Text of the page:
City.com 2.0: Where has the oldest electronics hypermarket gone?
Vladimir Kolodyuk on foreign exchange risks for importers, the business of selling electronics in the US and Europe, as well as on the monopolisation of the Apple sales market.
City.com on Petrovka used to be a record-holder in the Ukrainian electronics market. In 2007, its turnover had reached $5m before the New Year holidays. However, this hypermarket (the last remnant of the once mighty national chain) has recently become a thing of the past. It was succeeded by a small showroom-type store sandwiched between the Gorodok mall and Eldorado. A faded ‘tablet’, resembling an old Las Vegas sign, is the only reminder of the former glory.
Vladimir Kolodyuk, the brand’s owner, talks to LIGA.net about the present-day City.com and the plans to develop a new chain store format.
Unitrade Group currently comprises City.com, Service Master (electronics repair), Udicom (importer of electronics for corporate clients). In November 2015, Unitrade Express was launched (deliveries of goods from U.S., European, and Asian stores).
- What are your plans for this year? I hear, you are going to have showrooms instead of regular stores.
- We intend to launch small, a few hundred square meter each, outlets in Ukraine. Two such stores in Kyiv (on the Dnipro’s left bank and in the city centre) and four in the million-strong cities (Odesa, Dnipro, Lviv and Kharkiv) will be launched by this year’s end. It has more to do with the online business support. Buyers want to come and test the goods. Stores will open in a different format. We are currently developing a loft style design. Everything has to be very simple, functional and inexpensive. Investment will be relatively modest. This is the first stage. We’re not in a hurry. As soon as it’s finished, we’ll take a pause. See how it goes. And take next steps.
- How much do you intend to invest in a new chain this year?
- We plan to invest about three million hryvnias. Typically, this amount is invested in a single store, but we want to spread it over five or six. Of course, price of goods is not included.
- What makes your format special compared to the competition?
- Large supermarkets are not our direct competitors. We are completely focused on our segment. Today we have four key areas, such as laptops, tablets, smartphones, and gadgets, in the broadest sense of the word. Traditional consumer electronics supermarkets comprise about 10 segments. And our segments add up to mere 20-40 per cent of theirs. Besides, our product range across these categories is significantly different.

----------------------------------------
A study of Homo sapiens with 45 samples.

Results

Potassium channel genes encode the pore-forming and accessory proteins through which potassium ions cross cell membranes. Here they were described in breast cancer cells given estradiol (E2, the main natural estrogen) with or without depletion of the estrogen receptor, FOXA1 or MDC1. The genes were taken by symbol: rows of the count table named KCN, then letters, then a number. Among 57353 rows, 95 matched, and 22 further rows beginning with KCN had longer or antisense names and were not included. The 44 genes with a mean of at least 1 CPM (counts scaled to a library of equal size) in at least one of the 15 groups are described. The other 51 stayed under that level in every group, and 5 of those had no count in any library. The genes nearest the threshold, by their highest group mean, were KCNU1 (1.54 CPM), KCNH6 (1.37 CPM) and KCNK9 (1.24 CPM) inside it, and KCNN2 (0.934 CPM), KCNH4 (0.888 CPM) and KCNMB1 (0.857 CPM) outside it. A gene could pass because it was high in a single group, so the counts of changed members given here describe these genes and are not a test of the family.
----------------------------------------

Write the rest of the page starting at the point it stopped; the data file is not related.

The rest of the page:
- Where do you purchase refurbished products?
- Abroad and domestically. Mostly in the U.S. Laptops, for example. Some of them are imported officially, cleared at the customs and sold from a warehouse in Ukraine, and some are sold to customers directly under a cross-border trade system. Sales of refurbished products are an established practice worldwide. America has been living off them for several decades now. This business generates hundreds of billions of dollars in turnover. In Ukraine, this is a relatively new area. Today, when people are not particularly rich, it has become relevant. People are well aware that electronics can be bought much cheaper.
- Will you sell refurbished products in new stores?
- Yes, among other things. We have the same product range in all stores. By the way, we do not sell refurbished products in the smartphone segment. It’s fifty-fifty for the tablets. The highest percentage is in the laptop segment.
- Do you have any other foreign assets?
- We keep online stores in Poland and Italy. For example, in Italy, quite a promising business was set up in eighteen months, but because of the jumps in the Euro exchange rates and disagreements with our partner, the project has been temporarily put on ice.
- How has the demand for electronics in Ukraine changed generally in these times of crisis?
- On the whole, people are willing to spend the same money in local currency as before. Only that the dollar exchange rate has tripled over the past two years. Therefore, the only salvation is that the products themselves are getting cheaper. Demand has dramatically shifted into the economy segment. Previously, it amounted to 50 per cent, while now (across our stores, anyway) it is somewhere between 80 and 90 per cent. Smartphones up to 4,000 hryvnias, laptops up to 8,000 hryvnias. We sell premium products occasionally, but demand is very specific. It peaks when gifts are purchased on the eve of major holidays.